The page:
The House of Representatives is expected to vote on a resolution Tuesday afternoon intended to force the removal of all U.S. military forces from Pakistan by the end of the year.
House Concurrent Resolution 301, introduced by Reps. Dennis Kucinich (D-Ohio) and Ron Paul (R-Texas), calls attention to the troops levels in Pakistan, their duties and the legality of their presence. By invoking the 1973 War Powers Act in the privileged resolution, the duo plan to force a debate and vote on the subject.
Kucinich and Paul argue that the 200 military personnel in Pakistan, some of which are training the Pakistani military in the volatile tribal areas along the border with Afghanistan, were stationed without congressional oversight or approval and must therefore be removed.
Kucinich went on to say that the continuing troop presence would only lead to the destabilizing of the Pakistani government, and is strategically faulty.
“This increasing U.S. military activity has little to do with protecting the United States and in fact is creating more enemies than it is defeating,” he said (https://truthout.org/kucinich-says-white-house-abused-its-power-wants-forces-out-pakistan61651), noting that the uptick comes “at a time when there are, according to the CIA, very few al-Qaeda members in that country.”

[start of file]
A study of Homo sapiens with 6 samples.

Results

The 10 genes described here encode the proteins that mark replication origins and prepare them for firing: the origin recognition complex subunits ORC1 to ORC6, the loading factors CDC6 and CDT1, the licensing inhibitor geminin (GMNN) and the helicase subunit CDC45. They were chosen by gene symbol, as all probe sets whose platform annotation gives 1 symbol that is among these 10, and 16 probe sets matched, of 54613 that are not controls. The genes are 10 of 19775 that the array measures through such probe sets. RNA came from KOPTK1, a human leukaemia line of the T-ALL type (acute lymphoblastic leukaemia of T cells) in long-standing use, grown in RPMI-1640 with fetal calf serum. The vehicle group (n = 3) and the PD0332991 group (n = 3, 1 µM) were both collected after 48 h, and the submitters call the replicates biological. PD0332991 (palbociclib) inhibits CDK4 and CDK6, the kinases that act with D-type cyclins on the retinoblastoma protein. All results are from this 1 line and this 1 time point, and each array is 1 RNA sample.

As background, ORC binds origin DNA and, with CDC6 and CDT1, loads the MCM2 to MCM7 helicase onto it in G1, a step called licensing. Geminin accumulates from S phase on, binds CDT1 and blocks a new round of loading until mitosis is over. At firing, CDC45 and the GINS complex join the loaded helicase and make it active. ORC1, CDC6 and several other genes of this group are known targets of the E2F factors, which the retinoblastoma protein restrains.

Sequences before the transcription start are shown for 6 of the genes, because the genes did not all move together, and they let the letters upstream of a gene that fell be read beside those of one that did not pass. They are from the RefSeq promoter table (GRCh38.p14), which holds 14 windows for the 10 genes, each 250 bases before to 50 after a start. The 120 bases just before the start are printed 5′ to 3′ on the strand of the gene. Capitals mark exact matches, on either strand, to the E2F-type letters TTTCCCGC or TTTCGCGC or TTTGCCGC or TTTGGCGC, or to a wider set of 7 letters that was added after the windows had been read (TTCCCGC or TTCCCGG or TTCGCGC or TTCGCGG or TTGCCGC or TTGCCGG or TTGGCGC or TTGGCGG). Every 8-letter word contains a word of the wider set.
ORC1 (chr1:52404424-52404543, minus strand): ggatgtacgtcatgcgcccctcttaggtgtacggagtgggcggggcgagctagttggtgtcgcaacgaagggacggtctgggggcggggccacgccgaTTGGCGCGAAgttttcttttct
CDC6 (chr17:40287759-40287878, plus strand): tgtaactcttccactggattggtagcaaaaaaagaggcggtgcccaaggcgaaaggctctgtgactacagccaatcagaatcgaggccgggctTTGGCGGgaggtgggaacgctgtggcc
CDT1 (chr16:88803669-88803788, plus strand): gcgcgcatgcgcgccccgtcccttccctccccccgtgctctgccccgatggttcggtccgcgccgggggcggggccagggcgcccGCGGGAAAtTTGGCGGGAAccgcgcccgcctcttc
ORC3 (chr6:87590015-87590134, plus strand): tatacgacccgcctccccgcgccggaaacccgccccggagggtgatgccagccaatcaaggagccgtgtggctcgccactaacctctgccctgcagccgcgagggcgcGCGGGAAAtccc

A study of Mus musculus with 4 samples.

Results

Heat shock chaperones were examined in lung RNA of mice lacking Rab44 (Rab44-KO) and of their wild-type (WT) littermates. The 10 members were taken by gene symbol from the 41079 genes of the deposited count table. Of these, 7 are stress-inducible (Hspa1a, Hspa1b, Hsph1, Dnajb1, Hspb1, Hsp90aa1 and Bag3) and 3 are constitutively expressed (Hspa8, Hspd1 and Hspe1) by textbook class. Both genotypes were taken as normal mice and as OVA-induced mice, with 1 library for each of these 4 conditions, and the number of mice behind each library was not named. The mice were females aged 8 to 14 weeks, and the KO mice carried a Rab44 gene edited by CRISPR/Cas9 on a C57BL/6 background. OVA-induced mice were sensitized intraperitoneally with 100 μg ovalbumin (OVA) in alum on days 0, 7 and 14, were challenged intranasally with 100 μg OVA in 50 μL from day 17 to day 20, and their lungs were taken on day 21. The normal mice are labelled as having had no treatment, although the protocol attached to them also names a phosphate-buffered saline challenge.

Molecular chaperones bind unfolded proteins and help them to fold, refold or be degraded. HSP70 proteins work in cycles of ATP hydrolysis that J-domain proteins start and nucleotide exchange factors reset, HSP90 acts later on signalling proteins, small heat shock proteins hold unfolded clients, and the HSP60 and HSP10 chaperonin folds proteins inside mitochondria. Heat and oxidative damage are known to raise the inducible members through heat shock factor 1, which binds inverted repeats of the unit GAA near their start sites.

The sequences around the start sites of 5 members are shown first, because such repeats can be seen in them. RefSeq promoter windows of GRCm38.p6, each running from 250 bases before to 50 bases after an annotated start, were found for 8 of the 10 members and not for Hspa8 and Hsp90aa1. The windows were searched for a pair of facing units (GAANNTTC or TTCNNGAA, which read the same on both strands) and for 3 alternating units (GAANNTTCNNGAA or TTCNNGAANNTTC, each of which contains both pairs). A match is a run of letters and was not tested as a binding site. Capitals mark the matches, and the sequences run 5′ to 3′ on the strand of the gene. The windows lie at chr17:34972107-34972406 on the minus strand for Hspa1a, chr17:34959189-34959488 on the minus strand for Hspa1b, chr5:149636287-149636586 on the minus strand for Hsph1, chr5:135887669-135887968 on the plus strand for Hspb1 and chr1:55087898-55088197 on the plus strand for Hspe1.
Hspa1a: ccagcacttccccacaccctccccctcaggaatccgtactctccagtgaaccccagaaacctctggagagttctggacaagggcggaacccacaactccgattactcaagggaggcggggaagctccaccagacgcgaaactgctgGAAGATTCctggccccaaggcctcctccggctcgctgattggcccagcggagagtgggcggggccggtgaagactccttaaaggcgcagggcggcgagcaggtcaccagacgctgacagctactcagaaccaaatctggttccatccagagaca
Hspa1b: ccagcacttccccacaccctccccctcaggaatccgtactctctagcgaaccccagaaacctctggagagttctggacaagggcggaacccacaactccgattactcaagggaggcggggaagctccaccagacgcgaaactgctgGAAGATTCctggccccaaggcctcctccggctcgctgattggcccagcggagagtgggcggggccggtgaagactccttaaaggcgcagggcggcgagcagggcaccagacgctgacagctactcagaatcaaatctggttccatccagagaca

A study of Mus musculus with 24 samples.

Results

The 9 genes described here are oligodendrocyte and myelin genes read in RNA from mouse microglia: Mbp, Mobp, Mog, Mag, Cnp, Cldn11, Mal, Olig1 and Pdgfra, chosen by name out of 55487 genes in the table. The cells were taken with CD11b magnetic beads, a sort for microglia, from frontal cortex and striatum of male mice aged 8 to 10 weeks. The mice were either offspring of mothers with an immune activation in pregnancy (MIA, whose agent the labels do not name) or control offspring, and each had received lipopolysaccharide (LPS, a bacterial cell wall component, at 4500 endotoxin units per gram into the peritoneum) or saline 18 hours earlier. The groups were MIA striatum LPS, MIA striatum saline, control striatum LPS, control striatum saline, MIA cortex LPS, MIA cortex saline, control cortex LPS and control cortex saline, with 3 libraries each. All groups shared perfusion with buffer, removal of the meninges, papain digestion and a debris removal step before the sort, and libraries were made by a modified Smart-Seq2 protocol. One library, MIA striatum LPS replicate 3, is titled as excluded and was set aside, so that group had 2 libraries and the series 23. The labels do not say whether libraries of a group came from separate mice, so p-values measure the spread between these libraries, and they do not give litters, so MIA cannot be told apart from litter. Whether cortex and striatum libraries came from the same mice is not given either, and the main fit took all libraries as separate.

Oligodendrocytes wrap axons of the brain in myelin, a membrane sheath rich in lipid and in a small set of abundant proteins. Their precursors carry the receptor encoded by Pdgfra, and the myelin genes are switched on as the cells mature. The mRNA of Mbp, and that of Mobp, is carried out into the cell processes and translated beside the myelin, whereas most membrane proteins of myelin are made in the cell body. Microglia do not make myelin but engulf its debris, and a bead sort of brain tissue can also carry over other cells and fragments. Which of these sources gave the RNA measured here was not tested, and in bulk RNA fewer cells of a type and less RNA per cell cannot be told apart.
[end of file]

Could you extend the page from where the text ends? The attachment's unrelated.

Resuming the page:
He also noted that the leaked Afghan war documents strengthened the case for Resolution 301.
“These reports not only provide further evidence that our presence in Afghanistan is counterproductive, but they also support long held suspicions that Pakistan’s Inter-Service Intelligence Agency is providing support for the Taliban insurgents,” he said, “even as the U.S. provides Pakistan with more than $1 billion in aid a year and is expanding its footprint on the ground within Pakistan’s borders.
Kucinich said that legislators learned about the growth in U.S. troops in Pakistan not in the legislature but from an article in The Wall Street Journal, which reported American troops’ deepening role in the effort to defeat Islamist militants in Pakistani territory, previously off limits to U.S. ground troops.
The U.S. has come under fire for drone strikes targeting militants in the tribal areas which aid the Pakistani army’s campaign against the militants, the Wall Street Journal reported.
Congressional leaders were reluctant to enter into a debate on the U.S. presence in Pakistan, but the introduction of the privileged resolution allowed Kucinich and Paul to force the attention of the House onto the issue.